DOHA, Qatar – Dinara Safina didn’t just shift gears in 2008; she graduated to a whole new league. Although the Russian’s natural talent was never in doubt – how could it be, with former world No.1 and two-time Grand Slam champion Marat for a brother – the mental side of her game had sometimes let her down. But that all changed on a spring day in Berlin, when a patient and composed Safina upset the world’s best player, Justine Henin, in the third round. Henin duly announced her retirement while Safina went on to beat Serena Williams and Elena Dementieva to claim her first Tier I title.
Since then, “Marat’s little sister” has been busy proving her exploits that week were no fluke. Although the 22-year-old would finish the main playing season with a far-from-shabby win-loss record of 55-17; her figures from Berlin onwards are rather more telling: 45-7; more than enough to ensure the Russian qualified for the Sony Ericsson Championships for the first time in her career.
New-model Safina’s first test post-Berlin was the French Open, where she marched all the way to her first Grand Slam final as the No.13 seed, collecting the scalps of Maria Sharapova, who had replaced Henin as No.1, Dementieva and Svetlana Kuznetsova before falling to Ana Ivanovic in the championship match.
In the ensuing five months, Safina lost just two matches that, on paper at least, might be considered an upset. The first was at the hands of Thai veteran Tamarine Tanasugarn in the final of the Ordina Open, a grasscourt event held in the Netherlands as a lead-in to Wimbledon. The second came at Wimbledon itself, with a third round loss to fellow seed Shahar Peer, after an epic match that left both players on the point of collapse.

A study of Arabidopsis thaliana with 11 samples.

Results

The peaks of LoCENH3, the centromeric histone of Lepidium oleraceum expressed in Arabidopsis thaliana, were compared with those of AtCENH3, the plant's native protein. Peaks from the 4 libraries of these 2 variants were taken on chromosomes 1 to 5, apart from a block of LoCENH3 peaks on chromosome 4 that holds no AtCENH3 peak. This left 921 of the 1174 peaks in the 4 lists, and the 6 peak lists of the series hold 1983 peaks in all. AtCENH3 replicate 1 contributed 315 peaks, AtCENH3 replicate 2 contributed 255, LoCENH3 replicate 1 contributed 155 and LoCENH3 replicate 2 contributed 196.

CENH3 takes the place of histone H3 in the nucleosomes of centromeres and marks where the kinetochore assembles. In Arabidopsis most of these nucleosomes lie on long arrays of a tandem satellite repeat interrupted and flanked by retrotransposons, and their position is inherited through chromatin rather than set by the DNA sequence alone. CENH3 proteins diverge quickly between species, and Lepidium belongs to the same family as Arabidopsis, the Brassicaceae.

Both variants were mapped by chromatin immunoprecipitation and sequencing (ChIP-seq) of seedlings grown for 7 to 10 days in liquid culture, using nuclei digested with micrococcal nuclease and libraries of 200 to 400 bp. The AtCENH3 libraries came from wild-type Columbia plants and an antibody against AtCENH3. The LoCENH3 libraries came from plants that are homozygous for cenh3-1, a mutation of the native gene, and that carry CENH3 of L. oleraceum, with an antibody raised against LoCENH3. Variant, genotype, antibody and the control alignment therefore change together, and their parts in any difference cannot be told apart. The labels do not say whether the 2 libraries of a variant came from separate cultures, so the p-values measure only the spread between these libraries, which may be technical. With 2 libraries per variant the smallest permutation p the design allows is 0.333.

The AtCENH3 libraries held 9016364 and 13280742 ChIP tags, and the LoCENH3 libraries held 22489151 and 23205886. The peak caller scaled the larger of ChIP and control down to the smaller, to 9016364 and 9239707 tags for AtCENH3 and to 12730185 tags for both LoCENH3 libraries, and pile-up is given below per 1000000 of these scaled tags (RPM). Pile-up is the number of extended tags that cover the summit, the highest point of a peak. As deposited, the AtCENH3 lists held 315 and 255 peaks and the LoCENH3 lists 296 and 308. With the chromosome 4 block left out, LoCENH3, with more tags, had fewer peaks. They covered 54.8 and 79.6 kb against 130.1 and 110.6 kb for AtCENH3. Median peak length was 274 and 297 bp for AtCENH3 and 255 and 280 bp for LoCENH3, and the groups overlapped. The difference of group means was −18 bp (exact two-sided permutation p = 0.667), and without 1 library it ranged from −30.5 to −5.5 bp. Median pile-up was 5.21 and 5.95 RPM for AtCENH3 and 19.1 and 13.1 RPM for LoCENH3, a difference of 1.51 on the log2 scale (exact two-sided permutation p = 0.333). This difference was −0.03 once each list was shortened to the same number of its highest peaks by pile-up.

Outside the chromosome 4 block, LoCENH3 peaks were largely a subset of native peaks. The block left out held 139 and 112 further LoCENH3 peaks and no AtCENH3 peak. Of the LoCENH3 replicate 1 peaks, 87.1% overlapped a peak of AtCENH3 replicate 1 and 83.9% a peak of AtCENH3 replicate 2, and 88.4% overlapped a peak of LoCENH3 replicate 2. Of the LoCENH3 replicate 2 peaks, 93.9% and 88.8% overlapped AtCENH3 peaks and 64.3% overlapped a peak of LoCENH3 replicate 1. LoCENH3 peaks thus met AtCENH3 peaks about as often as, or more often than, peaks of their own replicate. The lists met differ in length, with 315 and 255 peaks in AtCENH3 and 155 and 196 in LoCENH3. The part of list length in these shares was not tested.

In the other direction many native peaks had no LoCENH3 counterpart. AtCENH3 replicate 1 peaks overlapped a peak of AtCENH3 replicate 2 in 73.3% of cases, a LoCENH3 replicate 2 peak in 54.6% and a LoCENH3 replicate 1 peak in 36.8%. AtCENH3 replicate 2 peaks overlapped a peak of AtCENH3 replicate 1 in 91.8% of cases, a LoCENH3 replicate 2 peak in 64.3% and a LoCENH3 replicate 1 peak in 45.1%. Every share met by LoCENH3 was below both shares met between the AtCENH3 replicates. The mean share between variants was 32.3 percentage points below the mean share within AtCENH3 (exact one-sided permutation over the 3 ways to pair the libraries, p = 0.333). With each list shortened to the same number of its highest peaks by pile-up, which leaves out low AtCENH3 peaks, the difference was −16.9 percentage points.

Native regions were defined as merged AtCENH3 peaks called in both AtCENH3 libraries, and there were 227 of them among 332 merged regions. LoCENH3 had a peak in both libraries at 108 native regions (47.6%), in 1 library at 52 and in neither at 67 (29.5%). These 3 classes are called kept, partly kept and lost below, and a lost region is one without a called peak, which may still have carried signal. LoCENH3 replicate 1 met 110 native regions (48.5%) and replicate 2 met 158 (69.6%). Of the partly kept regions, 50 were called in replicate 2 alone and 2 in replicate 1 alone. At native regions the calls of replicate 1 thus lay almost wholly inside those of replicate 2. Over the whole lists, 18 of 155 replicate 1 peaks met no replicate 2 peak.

That disappointment failed to snap the magic as Safina crossed the Atlantic to the hardcourts of North America. As the jostling for position at the top of the rankings heated up, Safina beat Jelena Jankovic in the semis at Los Angeles, then Flavia Pennetta in the final, for a second title of the year; the following week a second Tier I title was collected at the Rogers Cup in Montréal. At the Olympics, Safina again beat Jankovic on her way to the final, where it took a particularly determined Dementieva to stop her. Safina nonetheless went home with a silver medal – something her brother doesn’t have.
Notwithstanding a semifinal loss to Vera Zvonareva at Moscow, since the Olympics it has taken a Williams sister to stop Safina in her tracks, and there is never shame in that. In Safina’s first US Open semifinal she fell to Serena – clearly a woman on a mission that week. At Stuttgart, Safina played Venus – perhaps surprisingly, for the first time – and the American won in straight sets. But Safina won the third Tier I title of her year and career at the Pan Pacific Open in Tokyo, easily beating Kuznetsova in the final, for another 430 Championships Race points.
Indeed, as far as Race to Doha points go, winning a Tier I tournament rates about the same as reaching the semis of a Slam, which earns a player 450 points. Not only did Safina’s three Tier I victories earn her 1,290 points out of her eventual total of 3,832, she was also the most successful player at that level; Jankovic won two, at Rome and Moscow; Serena also won two, at Miami and Charleston.
Safina’s qualification for Doha was announced at the same time as Serena’s, after both had reached the semis at Flushing Meadows. As Serena had 3,130 points, seven more than the Russian, Safina was technically the fourth to make the cut. But by the time the Race had ended she was easily in second place behind Jankovic, on 3,823 points.
“I am really happy about qualifying for the Sony Ericsson Championships,” Safina said at the time. “I think this is the goal for every player, to reach the Championships at the end of the year, and finally my dream has come true.”
In May she was ranked No.14, but she arrives at Doha as the world No.2. She can’t catch Jankovic this week, but she can set the scene for even greater achievements in 2009. It is worth noting that the old Safina lost in the first round at both Sydney and the Australian Open last January, so she has little in the way of points to defend early in the New Year. And who knows, a certain Marat may yet come to be known as “Dinara’s older brother.”